Hennen: When the woke agenda is defeated, it's reason to celebrate

Virginia and Minneapolis elections brought good news.

Scott Hennen CROPPED.jpg
Scott Hennen
We are part of The Trust Project.

Conservatives haven't had much to celebrate of late. President Joe Biden, Speaker Nancy Pelosi, Sen. Chuck Schumer and their fellow leftists control every lever of federal power. The push to transform America through a social infrastructure bill marches on in Washington, DC. But Tuesday night brought some sunshine for the conservative cause.

The two best examples of the woke agenda being rejected were in Virginia and in Minneapolis.

Virginia was a state Biden won by 10 points just one year ago. Terry McAuliffe, a longstanding fixture in liberal Democratic politics, was the heir apparent to return as governor of Virginia. His opponent Glenn Youngkin, the Republican nominee who has never held elected office, was given a tiny percentage chance of victory in an increasingly blue state. But guess what? That's why elections are held. And this fresh voice in Virginia politics stood up against the “parents don't matter” mantra that has rippled out from Loudon County, Virginia, all across the USA. Suburban moms were not buying it.

Parents do matter. Parents are speaking up in an ever-increasing level of intensity to push back against poor education outcomes, emotion-driven pandemic rules that ignore data, and the indoctrination agenda of critical race theory and other racist curriculums that are making their way into our classrooms.

Virginia is a classic case of what happens when a woke, leftist agenda goes too far, and people pay closer attention to what's happening closer to home. It's a victory for common sense. It's a victory for taking our country back, one classroom at a time. Youngkin has given conservatives everywhere a great blueprint on how to wage a race that attracts, rather than subtracts, supporters. It was a campaign of optimism, and it was a campaign of empowering parents. Let's hope others take note.


The rejection of the Rep. Ilhan Omar-led effort to end the police department, as we know it, in Minneapolis, is another example of common sense prevailing. It's breathtaking to see 57% of voters in deep, deep blue Minneapolis recognizing the danger of ending a police department.

The fact that the question is even asked is mind-numbingly stupid. But at least we can take comfort in the fact that people said "Stop. Enough. This is crazy."

If that question were on the ballot in most North Dakota, or western Minnesota cities, I bet the victory margin would have been more like 90-10 than 57-43.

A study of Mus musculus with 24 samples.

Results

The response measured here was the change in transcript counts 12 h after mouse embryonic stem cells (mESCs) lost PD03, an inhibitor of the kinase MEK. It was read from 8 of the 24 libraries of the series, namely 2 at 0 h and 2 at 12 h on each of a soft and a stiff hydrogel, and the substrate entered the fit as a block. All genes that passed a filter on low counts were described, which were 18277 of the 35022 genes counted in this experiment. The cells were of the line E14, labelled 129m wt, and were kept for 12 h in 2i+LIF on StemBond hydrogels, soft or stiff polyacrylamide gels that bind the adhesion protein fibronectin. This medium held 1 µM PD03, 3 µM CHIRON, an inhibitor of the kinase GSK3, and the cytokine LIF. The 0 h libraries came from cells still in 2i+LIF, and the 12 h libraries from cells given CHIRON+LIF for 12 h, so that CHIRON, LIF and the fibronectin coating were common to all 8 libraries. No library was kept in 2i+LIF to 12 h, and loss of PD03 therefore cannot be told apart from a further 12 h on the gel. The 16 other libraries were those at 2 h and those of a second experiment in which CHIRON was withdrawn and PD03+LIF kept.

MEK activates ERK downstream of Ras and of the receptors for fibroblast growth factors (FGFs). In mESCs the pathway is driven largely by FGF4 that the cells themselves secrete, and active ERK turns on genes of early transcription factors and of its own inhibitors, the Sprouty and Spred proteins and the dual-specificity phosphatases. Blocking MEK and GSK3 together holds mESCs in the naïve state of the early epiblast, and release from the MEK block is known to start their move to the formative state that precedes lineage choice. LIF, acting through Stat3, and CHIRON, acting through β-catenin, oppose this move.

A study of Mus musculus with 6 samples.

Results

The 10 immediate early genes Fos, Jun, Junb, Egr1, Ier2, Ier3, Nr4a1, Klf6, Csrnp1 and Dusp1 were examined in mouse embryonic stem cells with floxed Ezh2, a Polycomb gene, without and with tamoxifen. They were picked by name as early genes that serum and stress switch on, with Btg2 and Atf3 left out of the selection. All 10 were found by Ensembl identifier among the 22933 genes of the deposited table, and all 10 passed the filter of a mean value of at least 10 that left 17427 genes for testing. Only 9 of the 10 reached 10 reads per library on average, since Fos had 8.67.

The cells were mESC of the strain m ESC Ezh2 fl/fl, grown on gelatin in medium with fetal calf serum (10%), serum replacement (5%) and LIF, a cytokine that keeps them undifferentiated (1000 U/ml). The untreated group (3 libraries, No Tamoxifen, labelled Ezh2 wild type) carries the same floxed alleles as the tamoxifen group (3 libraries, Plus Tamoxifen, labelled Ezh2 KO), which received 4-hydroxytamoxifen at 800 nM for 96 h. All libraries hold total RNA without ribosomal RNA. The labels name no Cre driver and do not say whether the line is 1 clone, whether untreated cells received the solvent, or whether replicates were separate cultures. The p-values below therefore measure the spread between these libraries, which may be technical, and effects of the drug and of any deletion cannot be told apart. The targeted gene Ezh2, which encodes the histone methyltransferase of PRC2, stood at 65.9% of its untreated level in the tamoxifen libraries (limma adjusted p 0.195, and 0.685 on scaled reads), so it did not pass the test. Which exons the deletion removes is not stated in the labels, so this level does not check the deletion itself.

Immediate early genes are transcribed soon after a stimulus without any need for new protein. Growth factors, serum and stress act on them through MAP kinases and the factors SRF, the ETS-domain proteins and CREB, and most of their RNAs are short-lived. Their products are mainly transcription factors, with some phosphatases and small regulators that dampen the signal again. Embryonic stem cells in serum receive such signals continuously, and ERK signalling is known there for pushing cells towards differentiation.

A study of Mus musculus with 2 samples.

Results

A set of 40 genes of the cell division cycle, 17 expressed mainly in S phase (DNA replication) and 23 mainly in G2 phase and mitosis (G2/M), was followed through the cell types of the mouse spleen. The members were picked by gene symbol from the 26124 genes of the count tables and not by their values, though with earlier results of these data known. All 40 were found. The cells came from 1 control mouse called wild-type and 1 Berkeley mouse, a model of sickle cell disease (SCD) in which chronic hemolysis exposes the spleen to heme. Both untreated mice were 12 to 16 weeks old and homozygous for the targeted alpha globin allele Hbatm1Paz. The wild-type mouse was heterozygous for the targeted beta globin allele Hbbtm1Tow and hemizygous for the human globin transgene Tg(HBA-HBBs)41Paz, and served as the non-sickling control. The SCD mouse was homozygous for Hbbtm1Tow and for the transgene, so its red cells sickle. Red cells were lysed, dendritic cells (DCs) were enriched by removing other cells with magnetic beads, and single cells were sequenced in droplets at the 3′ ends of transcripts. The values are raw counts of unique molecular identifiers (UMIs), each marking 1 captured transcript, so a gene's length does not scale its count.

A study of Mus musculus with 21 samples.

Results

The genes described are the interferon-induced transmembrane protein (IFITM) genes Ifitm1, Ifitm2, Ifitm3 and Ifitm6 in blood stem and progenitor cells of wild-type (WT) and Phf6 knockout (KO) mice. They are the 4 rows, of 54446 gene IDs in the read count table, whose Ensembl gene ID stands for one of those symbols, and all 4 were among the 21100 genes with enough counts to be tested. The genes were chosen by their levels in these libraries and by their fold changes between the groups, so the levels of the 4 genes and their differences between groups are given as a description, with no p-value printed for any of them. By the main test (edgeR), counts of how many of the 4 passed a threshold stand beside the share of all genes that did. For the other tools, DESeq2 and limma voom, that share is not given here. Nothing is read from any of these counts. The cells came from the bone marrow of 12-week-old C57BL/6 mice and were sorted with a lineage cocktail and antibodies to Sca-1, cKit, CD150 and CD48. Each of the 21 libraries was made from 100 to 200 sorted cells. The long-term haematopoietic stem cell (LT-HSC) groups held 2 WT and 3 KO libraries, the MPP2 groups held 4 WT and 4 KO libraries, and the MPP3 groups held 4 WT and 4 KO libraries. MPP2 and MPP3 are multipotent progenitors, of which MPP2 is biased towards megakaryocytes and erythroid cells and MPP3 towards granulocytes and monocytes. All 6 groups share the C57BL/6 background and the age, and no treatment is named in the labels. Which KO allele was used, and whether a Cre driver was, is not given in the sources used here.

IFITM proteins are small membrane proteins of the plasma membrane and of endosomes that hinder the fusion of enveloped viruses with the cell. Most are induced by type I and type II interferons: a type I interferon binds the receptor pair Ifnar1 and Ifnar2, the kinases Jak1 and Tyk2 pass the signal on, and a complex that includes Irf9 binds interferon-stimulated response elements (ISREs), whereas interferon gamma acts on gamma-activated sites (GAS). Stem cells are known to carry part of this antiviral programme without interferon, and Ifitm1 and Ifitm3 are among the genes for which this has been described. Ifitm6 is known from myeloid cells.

But you must remember the political makeup of both Virginia and Minneapolis have been trending more and more to the left.

Virginia should awaken moderate Democrats everywhere to the danger of the woke agenda being rammed through Congress. As well, the Minneapolis outcome should slow the insanity of efforts to defund and disarm police.

That's something to celebrate. The Democrats have pushed too far, too fast. Their agenda is being repudiated, even where they have strong majorities. Let's savor that victory for a week or two, and see what kind of firewall it erects against a very dangerous agenda.

Scott Hennen hosts the statewide radio program “What’s On Your Mind?” On AM 1100 “The Flag”, KFYR AM 550, AM 1090 KTGO “The Flag” and AM 1460 KLTC. Email him at

What to read next
"Does North Dakota really want women with complicated pregnancies to suffer? Does North Dakota really want a critical shortage of qualified obstetricians and to imprison doctors?" columnist Jim Shaw asks. "The legislature must act."
"I recently asked Lynn Helms, North Dakota Department of Mineral Resources Director for the facts that rarely get reported," columnist Scott Hennen writes. "Helms tells us there is a full-on assault against our oil and gas industry in North Dakota coming from the Biden Administration."
The greatest cost of this scandal to our state isn't measured in dollars so much as lost trust in our public servants.
"After a couple of years of celebrating apart because of the pandemic, and also for having just lived through another rancorous national election, we all could use the joy and hope and anticipation that is promised us in Christmas, in the birth of a mighty little king born in a manger."